How Many U.S. Politicians Are Catholic? The Pope Won't Feel Alone When He Addresses Congress For The First Time
As of Wednesday, Pope Francis is on the second day of his six-day visit to the United States. Upon his arrival in Washington, D.C. Tuesday, the Pope was greeted by President and First Lady Obama, as well as Vice President Joe Biden and his wife, Jill Biden. Francis has several events scheduled in D.C. before he heads to his next stop in New York, including an address to Congress. According to his official itinerary, the Pope will speak to a joint session of the House and Senate at 10 a.m. Thursday. This will be the first time a Pope has ever addressed Congress, and Francis will have many Catholics in the audience. Many members of the U.S. government are Catholic, including Supreme Court Justices and members of both houses of Congress.
While 22 percent of Americans identify as Catholic, the number is greater than that in both the judicial and legislative bodies in the U.S. government. Although identifying as Catholic of course does not necessarily mean that these politicians are devout, it can at least still be seen as some indicator of their guiding ethical principles, and it's a significant statistic for us to be aware of. Here are a few members of the U.S. government who identify as Catholic.
The Supreme Court
Six of the nine Supreme Court Justices are Catholic: Samuel Alito, Anthony Kennedy, John Roberts, Antonin Scalia, Sonia Sotomayor and Clarence Thomas.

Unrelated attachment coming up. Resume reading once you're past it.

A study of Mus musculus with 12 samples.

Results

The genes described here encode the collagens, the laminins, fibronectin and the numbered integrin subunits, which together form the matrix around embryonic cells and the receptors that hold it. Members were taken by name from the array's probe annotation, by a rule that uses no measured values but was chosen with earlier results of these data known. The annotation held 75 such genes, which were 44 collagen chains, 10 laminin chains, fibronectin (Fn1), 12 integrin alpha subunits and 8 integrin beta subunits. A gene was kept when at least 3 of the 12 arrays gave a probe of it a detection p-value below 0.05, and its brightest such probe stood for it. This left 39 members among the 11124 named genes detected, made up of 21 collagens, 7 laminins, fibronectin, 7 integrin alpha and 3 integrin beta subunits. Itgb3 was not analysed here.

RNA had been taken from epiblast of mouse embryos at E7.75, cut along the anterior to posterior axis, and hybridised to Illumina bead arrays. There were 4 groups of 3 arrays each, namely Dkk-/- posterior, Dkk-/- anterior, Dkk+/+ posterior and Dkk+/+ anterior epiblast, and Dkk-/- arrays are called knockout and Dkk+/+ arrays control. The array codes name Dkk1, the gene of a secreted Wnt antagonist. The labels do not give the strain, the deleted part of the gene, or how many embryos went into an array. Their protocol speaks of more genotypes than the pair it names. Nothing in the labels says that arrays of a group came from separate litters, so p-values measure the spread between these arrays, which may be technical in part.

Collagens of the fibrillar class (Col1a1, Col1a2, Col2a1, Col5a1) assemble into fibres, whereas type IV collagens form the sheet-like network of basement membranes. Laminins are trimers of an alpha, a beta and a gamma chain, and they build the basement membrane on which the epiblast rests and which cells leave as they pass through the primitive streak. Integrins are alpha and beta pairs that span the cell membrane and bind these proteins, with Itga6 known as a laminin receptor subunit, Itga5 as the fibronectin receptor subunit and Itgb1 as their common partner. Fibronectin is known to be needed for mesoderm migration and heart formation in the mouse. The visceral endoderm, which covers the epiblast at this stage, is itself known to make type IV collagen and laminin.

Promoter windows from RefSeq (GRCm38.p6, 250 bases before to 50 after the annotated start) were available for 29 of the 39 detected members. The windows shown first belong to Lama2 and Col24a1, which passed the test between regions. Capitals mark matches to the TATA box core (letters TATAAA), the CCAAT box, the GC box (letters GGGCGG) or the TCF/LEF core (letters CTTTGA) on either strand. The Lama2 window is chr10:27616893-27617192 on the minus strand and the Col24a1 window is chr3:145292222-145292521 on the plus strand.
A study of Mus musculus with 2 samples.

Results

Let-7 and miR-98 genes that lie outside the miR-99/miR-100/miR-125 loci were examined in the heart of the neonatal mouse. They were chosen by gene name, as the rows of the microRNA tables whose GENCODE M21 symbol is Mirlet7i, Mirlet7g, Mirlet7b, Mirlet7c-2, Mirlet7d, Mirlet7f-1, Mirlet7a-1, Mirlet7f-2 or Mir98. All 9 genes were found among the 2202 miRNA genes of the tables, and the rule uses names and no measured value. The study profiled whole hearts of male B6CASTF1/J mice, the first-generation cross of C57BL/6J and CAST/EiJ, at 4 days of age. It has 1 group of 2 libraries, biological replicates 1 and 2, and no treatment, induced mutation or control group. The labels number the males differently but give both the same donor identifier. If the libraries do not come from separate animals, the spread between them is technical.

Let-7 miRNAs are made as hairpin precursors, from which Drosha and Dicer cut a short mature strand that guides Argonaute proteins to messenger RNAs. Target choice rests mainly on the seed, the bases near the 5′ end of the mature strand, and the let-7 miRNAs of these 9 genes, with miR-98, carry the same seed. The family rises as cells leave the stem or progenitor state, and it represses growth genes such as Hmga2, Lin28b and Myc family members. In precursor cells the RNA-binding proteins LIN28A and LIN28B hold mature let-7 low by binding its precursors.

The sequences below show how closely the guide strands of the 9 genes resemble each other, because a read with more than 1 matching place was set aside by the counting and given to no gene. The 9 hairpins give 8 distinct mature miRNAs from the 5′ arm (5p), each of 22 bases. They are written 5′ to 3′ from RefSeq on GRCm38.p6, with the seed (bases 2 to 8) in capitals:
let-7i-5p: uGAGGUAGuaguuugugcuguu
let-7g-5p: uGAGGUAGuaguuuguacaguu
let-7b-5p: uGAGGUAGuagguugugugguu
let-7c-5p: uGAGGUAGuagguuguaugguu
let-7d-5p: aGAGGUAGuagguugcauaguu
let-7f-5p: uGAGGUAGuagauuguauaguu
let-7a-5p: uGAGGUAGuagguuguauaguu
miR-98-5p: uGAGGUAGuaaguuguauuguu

There are 26 Catholic members of the Senate. Forty-two percent of the Catholic senators are Republican, while the remaining 58 percent are Democrats. Twenty-two of the 50 states have Catholic senators.
- Lisa Murkowski (R), Alaska
- Dan Sullivan (R), Alaska
- Marco Rubio (R), Florida
- Jim Risch (R), Idaho
- Dick Durbin (D), Illinois
- Joe Donnelly (D), Indiana
- David Vitter (R), Louisiana
- Susan Collins (R), Maine
- Barbara Mikulski (D), Maryland
- Ed Markey (D), Massachusetts
- Claire McCaskill (D), Missouri
- Kelly Ayotte (R), New Hampshire
- Bob Menendez (D), New Jersey
- Kirsten Gillibrand (D), New York
- Thom Tillis (R), North Carolina
- Heidi Heitkamp (D), North Dakota
- John Hoeven (R), North Dakota
- Bob Casey Jr. (D), Pennsylvania
- Pat Toomey (R), Pennsylvania
- Jack Reed (D), Rhode Island
- Mike Rounds (R), South Dakota
- Tim Caine (D), Virginia
- Maria Cantwell (D), Washington
- Patty Murray (D), Washington
- Joe Manchin (D), West Virginia
- Patrick Leahy (D), Vermont
The House Of Representatives
There are 138 Catholic members of the House, comprising 30.7 percent of this chamber of Congress. Catholic representatives include John Delaney (D) of Maryland, Debbie Dingall (D) of Michigan, and Paul Gosar (R) of Arizona, who has said he will be boycotting the Pope's address to Congress.
There are currently 15 candidates running for president, and of those 15, seven are Catholic, making nearly 47 percent of the presidential field Catholic. They are Jeb Bush (R), Chris Christie (R), Bobby Jindal (R), Martin O'Malley (D), George Pataki (R), Marco Rubio (R) and Rick Santorum (R).